There has been a great deal of focus in economic development circles recently on the highly public effort to attract Amazon’s second headquarters. As the New York Times noted, “The process has garnered the kind of enthusiasm normally reserved for bids to host the Olympics.”
And why not? Here’s a market-leading company pledging to bring 50,000 payroll jobs to an area in one fell swoop. Who wouldn’t jump at that opportunity? Many communities put together impressive packages offering incentives, public investments in transit, and other efforts that they regarded as worthwhile enticements to attract 50,000 new positions. Amazon has narrowed the list down to 20 finalists.
Of course, only one will win. But the process raises a larger question. Aren’t we ignoring a massive source of new jobs that is hiding in plain sight? That source: unfilled positions. The question cities and states should ask themselves is not how to attract entirely new companies to the area that will bring jobs, but rather how to help or convince companies that are already here to fill open positions.
The U.S. labor market is as tight as it has been in recent years. The unemployment rate is 4.1 percent. The economy has added payroll jobs for a record 89 straight months. Which means that recruiters, human resources managers, headhunters, talent scouts — you name it — are having difficulty filling spots. The upshot is that, according to the Labor Department, there were a record 6.3 million jobs open in the U.S. at the end of January. That’s a large number. It’s equal to the entire population of Missouri, or the number of employees in the finance and insurance industry, and a sum equal to 126 Amazon HQ2s.
The openings are distributed throughout the country, and in every industry: 1.09 million in professional services; 711,000 in retail; 561,000 in government; 250,000 in construction. Scan the press, and you’ll see signs of labor shortages everywhere. An article in the Washington Post noted that the resort community of Branson, Mo., with a population of 11,400, has 2,050 job openings for the upcoming tourist season. In Portland, Maine, the unemployment rate is a mere 1.8 percent.
Companies large and small, low-paying and high-paying, new economy and old economy —they’re all having great difficulty keeping their cubicles, assembly lines, and counters fully staffed. I was surprised in New York recently to see a large help-wanted poster in a fast-food restaurant offering $13.50 an hour, health insurance, and a host of other benefits. But even companies that are accustomed to being the employer of choice — the ones that pay well and have cool office buildings and soaring stocks — are facing challenges. Apple has more than 5,000 job openings, up more than 50 percent from a year ago.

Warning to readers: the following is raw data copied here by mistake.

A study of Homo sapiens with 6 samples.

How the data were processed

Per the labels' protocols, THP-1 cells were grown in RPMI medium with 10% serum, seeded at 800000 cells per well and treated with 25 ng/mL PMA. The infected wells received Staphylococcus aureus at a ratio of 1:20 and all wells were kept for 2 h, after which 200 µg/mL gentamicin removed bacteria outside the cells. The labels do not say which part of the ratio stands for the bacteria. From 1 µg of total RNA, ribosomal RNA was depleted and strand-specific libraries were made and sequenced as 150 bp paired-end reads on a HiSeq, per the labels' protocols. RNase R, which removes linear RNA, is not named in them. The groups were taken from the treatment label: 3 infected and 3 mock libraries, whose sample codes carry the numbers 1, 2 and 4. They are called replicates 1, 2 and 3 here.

There are a host of reasons there are so many vacant jobs in the United States. Demographics (baby boomers aging out of the workforce), patterns of immigration, and long-term structural shifts in the distribution of population around the country play a role. In some instances, jobs are open because the employer doesn’t have the resources to pay people enough to convince them to take the jobs (this is especially so in the public sector). In many instances, there is a genuine shortage of people with the necessary skills and training. The U.S. simply doesn’t have enough nurses, truck drivers, software engineers, and construction workers to meet demand. Rural areas are finding it difficult to hold on to their population because of the lure of cities. And cities are struggling to build sufficient housing that workers — especially young workers — can afford.
Aren’t we ignoring a massive source of new jobs that is hiding in plain sight?
All of which suggests that one of the greatest sources of jobs for any community is hiding in plain sight. They’re already here, they’re just not filled. So perhaps we — the media, the economic development community, politicians — should worry less about trying to attract a splashy outsider to bring in new jobs and do more of the sorts of things that will enable companies that are already there to hire.
The irony, of course, is that many of the initiatives that communities said they were willing to undertake to attract a new arrival like Amazon — tax breaks, investments in public transportation, building training and skills programs — are precisely what existing employers need in order to hire and retain employees more effectively.
Transplanting new crops into a region can be a boon to prosperity. But fertilizing the ones that have already proven they can thrive in the local soil may be a more effective short-term strategy.